SALEM — It would be easy to drive down one-way Goodhue Street and not notice an elevator shaft rising from a vacant lot. And it would be even easier not to see it as the dawn of a new era.
But just maybe, in this late spring of 2013, we are seeing the start of significant construction in Blubber Hollow, the former leather and manufacturing district along the North River canal that local officials hope will be the next redevelopment frontier.
A case in point is 28 Goodhue St., the 2-acre lot where, in the past few weeks, workers have laid a foundation and built an elevator shaft, the first stages in the construction of a housing development that has been waiting in the wings for years.
Developer Anthony Roberto bought this property in 2003 and got Planning Board approval seven years ago. The project was on hold while the city rezoned the North River Canal Corridor and then sat idle while Roberto waited out a national housing crisis.
Suddenly, things are moving. Structural steel will arrive soon for a project expected to take 18 months to complete.
“Financially, it made sense,” Roberto said of his decision to begin now.
“I think it’s exciting to see this coming off the drawing board ...” said Mayor Kim Driscoll. “I think it says something about the Salem market — the market is finally strong enough to support new, mixed-use development.”
Roberto is building 45 residences, which could be marketed as apartments or condominiums. “It depends on how the market is,” he said. “We’re still up in the air right now.”
There will be commercial or retail space on the first floor. The developer also will build a section of a new pedestrian pathway along the canal.
City officials hope 28 Goodhue St. is the first of several large and long-delayed developments to come on line.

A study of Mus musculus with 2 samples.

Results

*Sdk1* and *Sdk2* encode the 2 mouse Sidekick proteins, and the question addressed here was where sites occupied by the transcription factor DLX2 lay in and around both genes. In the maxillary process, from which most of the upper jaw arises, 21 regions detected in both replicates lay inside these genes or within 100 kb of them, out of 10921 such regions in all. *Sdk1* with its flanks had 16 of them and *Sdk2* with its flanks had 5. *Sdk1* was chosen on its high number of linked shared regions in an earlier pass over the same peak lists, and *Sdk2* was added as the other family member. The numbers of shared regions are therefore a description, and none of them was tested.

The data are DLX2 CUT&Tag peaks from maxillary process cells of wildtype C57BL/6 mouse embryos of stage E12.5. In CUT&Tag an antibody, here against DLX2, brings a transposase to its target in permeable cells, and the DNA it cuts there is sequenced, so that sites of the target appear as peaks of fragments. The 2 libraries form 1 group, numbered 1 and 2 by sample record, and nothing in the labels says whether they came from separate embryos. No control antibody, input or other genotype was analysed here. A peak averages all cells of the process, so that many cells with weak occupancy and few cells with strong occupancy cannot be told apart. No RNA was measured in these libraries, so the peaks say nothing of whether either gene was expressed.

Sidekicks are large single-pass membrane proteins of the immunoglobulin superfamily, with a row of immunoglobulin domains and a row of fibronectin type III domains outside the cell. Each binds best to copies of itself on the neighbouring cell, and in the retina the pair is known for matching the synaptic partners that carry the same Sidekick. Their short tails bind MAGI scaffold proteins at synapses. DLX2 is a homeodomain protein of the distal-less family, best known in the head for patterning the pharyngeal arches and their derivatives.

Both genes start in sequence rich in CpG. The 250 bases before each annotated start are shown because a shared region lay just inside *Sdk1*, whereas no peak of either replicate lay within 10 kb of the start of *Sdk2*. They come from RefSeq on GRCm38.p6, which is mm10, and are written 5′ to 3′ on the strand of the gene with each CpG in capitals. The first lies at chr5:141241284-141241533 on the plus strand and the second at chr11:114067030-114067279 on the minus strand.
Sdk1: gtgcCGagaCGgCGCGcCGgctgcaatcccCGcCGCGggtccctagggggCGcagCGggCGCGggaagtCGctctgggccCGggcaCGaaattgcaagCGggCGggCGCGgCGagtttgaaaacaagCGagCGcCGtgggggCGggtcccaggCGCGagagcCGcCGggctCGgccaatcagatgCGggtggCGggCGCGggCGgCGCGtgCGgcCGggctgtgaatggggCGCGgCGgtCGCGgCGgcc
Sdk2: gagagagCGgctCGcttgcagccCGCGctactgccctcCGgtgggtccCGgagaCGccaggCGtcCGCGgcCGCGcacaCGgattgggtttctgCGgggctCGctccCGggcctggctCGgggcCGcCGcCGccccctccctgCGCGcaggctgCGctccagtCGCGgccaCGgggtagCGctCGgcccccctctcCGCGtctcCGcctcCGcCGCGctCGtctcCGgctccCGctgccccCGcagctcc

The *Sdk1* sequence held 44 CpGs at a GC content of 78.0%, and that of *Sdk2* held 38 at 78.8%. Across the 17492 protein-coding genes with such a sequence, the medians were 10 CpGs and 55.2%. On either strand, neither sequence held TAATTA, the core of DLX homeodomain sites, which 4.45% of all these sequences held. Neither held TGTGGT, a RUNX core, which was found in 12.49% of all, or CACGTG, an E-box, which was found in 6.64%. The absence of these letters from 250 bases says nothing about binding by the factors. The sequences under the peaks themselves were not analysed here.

Driscoll expects to see activity soon across the street, where developer David Sweetser plans to build the Gateway Center, a four-story office building at the corner of Boston and Bridge streets that will house the city’s senior center on the ground floor. Construction is expected to start by early next year.
An environmental cleanup continues at Riverview Place, a 130-apartment complex where the Salem Suede and Bonfanti leather factories once stood on Flint and Mason streets. This project, which faced court challenges, also has taken a long time getting off the drawing board.
In addition to the site work, the developers still need a state waterways license to build near a river. Their attorney, Scott Grover, said they hope to start construction late this year or early in 2014.
Legacy Park, a 141-apartment project at the former Salem Oil & Grease property on Grove Street, got Planning Board approval last fall but faces local and state environmental reviews.
There is not much happening at Flynntan, an old factory site bordered by Boston and Goodhue streets that a Beverly businessman bought in 2006 at a public auction. Original plans called for light manufacturing.
Driscoll is hopeful that the four big projects along the canal — Salem Suede, 28 Goodhue, Gateway Center and Salem Oil & Grease — will pay big dividends once they are up and running. Combined, they currently pay just over $100,000 in property taxes. When done, they are projected to generate $1 million.
These large projects, however, have sparked concerns about increased demands on public services and the impact on traffic in a part of the city with a confusing and narrow network of roads. The city has hired traffic consultants and held public meetings on the issue.
One city official said the long reviews these projects have faced may have an unintended benefit. By coming on line one at a time, the impact may be more gradual, giving the city and neighbors time to work out problems.
“If you do it incrementally, you can absorb the impact incrementally,” said City Planner Lynn Duncan.
Tom Dalton can be reached at email@example.com.